How is difference discussed in Sister Outsider?


Audre Lorde views difference as a positive force for social change in Sister Outsider

Lorde discusses difference most strikingly in "Age, Race, Class, and Sex: Women Redefining Difference." She says that difference has often been seen as a source of domination and then claims that that view is wrong. To Lorde, differences are a positive thing and should be acknowledged. She believes that accepting difference can bring about positive social change.

Lorde begins by explaining that

Much of western European history conditions us to see human differences in simplistic opposition to each other: dominant/subordinate, good/bad, up/down, superior/inferior.

She goes on to explain that those differences are charged. They're traditionally used to dehumanize and oppress people. Lorde speaks from her perspective as a lesbian, black woman, feminist, and socialist—characteristics that she says usually mark her as other, deviant, or wrong. Those groups, she asserts, are often required to be the ones willing to bridge the gap and help the oppressors understand them better. She says:

In other words, it is the responsibility of the oppressed to teach the oppressors their mistakes. I am responsible for educating teachers who dismiss my children's culture in school. Black and Third World people are expected to educate white people as to our humanity. Women are expected to educate men. Lesbians and gay men are expected to educate the heterosexual world.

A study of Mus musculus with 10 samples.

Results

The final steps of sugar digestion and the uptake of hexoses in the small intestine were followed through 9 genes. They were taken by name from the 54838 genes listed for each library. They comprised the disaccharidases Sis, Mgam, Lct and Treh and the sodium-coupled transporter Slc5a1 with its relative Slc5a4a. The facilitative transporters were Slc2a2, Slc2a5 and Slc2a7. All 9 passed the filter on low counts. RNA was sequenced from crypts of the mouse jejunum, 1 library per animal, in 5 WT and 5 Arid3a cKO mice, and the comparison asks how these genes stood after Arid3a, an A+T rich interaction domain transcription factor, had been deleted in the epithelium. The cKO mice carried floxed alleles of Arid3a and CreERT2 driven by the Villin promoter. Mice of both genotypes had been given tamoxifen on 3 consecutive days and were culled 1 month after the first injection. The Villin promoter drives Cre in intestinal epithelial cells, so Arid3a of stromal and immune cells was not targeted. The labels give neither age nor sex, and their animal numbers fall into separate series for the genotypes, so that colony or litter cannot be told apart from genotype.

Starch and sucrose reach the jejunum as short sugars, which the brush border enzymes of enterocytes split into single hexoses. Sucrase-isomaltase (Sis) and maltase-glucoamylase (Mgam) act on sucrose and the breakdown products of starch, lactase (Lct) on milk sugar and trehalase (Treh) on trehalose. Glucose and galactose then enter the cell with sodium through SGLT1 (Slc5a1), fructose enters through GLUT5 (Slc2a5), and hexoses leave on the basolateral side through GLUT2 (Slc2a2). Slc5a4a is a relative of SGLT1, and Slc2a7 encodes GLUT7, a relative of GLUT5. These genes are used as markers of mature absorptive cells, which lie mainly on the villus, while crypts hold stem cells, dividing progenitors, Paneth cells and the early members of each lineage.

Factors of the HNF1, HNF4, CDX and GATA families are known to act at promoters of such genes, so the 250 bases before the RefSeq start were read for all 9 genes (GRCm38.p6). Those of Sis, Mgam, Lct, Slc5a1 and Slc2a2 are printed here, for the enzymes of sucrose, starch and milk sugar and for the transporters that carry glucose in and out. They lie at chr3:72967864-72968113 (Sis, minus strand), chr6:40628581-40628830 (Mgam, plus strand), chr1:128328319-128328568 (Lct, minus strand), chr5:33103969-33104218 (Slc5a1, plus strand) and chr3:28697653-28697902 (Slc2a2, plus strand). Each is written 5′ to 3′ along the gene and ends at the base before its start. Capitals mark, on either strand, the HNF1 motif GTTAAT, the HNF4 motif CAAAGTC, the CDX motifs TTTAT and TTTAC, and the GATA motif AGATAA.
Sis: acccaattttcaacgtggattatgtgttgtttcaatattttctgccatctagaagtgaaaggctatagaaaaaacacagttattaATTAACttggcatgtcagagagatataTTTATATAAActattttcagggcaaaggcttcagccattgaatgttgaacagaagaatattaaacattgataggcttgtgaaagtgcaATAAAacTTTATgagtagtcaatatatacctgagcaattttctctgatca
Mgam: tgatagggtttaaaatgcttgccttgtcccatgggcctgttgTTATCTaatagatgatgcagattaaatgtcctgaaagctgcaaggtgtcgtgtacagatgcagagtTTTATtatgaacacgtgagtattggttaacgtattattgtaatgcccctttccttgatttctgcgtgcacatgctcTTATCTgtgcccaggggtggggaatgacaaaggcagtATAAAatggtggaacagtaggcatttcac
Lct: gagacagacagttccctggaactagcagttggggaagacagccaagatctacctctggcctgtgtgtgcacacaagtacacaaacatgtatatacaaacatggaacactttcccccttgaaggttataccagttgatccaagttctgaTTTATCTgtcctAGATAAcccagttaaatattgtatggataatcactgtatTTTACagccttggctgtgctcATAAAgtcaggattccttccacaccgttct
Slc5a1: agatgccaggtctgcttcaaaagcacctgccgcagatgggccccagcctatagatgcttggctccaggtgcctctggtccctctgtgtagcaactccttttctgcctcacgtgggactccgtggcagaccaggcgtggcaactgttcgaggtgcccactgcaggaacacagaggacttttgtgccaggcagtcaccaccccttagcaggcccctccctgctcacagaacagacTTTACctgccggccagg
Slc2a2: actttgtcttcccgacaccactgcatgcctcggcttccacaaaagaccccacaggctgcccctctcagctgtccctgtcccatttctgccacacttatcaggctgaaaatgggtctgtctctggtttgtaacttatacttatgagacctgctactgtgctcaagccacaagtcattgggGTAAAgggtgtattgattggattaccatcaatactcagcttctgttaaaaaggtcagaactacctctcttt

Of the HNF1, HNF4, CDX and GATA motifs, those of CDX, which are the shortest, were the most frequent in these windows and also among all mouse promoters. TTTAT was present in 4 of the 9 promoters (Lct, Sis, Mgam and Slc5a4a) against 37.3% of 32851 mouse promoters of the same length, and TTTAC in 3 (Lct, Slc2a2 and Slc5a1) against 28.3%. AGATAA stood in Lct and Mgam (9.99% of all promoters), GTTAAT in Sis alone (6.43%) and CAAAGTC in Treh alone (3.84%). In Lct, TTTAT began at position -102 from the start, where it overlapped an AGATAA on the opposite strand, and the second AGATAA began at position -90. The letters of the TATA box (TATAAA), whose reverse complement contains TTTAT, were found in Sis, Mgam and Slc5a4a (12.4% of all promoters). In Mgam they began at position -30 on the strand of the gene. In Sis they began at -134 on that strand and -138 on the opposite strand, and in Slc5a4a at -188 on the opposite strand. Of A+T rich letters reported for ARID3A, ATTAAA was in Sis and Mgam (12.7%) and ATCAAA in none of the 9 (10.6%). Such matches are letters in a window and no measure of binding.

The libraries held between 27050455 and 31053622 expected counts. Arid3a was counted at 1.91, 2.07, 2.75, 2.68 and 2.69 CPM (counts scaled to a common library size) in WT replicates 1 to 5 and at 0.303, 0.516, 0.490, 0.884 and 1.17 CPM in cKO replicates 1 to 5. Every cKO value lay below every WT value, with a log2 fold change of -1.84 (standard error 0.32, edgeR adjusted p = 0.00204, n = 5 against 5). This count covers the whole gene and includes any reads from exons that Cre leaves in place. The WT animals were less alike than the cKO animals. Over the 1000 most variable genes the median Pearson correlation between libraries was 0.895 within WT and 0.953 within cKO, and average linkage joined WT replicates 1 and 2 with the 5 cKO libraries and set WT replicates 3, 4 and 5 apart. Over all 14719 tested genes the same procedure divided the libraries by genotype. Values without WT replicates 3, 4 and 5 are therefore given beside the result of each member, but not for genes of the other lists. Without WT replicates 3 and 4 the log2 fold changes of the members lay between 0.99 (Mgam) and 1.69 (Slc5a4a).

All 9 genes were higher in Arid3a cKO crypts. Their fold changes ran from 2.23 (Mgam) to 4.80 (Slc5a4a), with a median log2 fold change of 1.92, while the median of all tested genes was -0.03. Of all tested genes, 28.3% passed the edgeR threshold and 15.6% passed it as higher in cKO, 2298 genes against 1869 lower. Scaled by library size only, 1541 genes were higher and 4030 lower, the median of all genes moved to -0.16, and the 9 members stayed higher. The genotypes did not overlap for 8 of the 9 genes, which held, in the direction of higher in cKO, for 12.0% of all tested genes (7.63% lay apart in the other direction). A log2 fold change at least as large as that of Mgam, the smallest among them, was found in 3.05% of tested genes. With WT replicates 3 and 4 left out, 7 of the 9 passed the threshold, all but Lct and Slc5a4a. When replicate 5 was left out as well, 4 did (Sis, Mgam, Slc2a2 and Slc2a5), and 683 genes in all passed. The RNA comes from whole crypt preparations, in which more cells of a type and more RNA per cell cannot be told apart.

Lorde explains that this creation of subordinate groups of people is the result of the institutionalized rejection of difference—which is necessary for the profit economy that needs surplus groups of people. She says it has programmed people to respond to difference with fear and loathing. People react to this by ignoring it, destroying it, or imitating it if we think the difference is dominant.

She says the refusal to recognize differences is what separates people. Lorde explains that this refusal stops us from looking at the differences, how they distort our perception, and how they affect our behavior. She says, for example, that "unacknowledged class differences rob women of each other's energy and creative insight." When a women's magazine decided to publish only prose and reject poetry, Lorde says it showed their lack of understanding. It takes more time to write prose. Poetry, she explains, takes less paper, time, and materials. It's the voice of the poor working class.

Ultimately, Lorde believes that if people acknowledged and celebrated difference, it would be a step toward mobilizing resources and harnessing the energy that real change takes. She says, "Change means growth, and growth can be painful." But it's worth the work it takes. Accepting difference would allow people to better see the problems that face all groups. When difference is acknowledged, understood, and accepted, it benefits all members of society and helps create social change.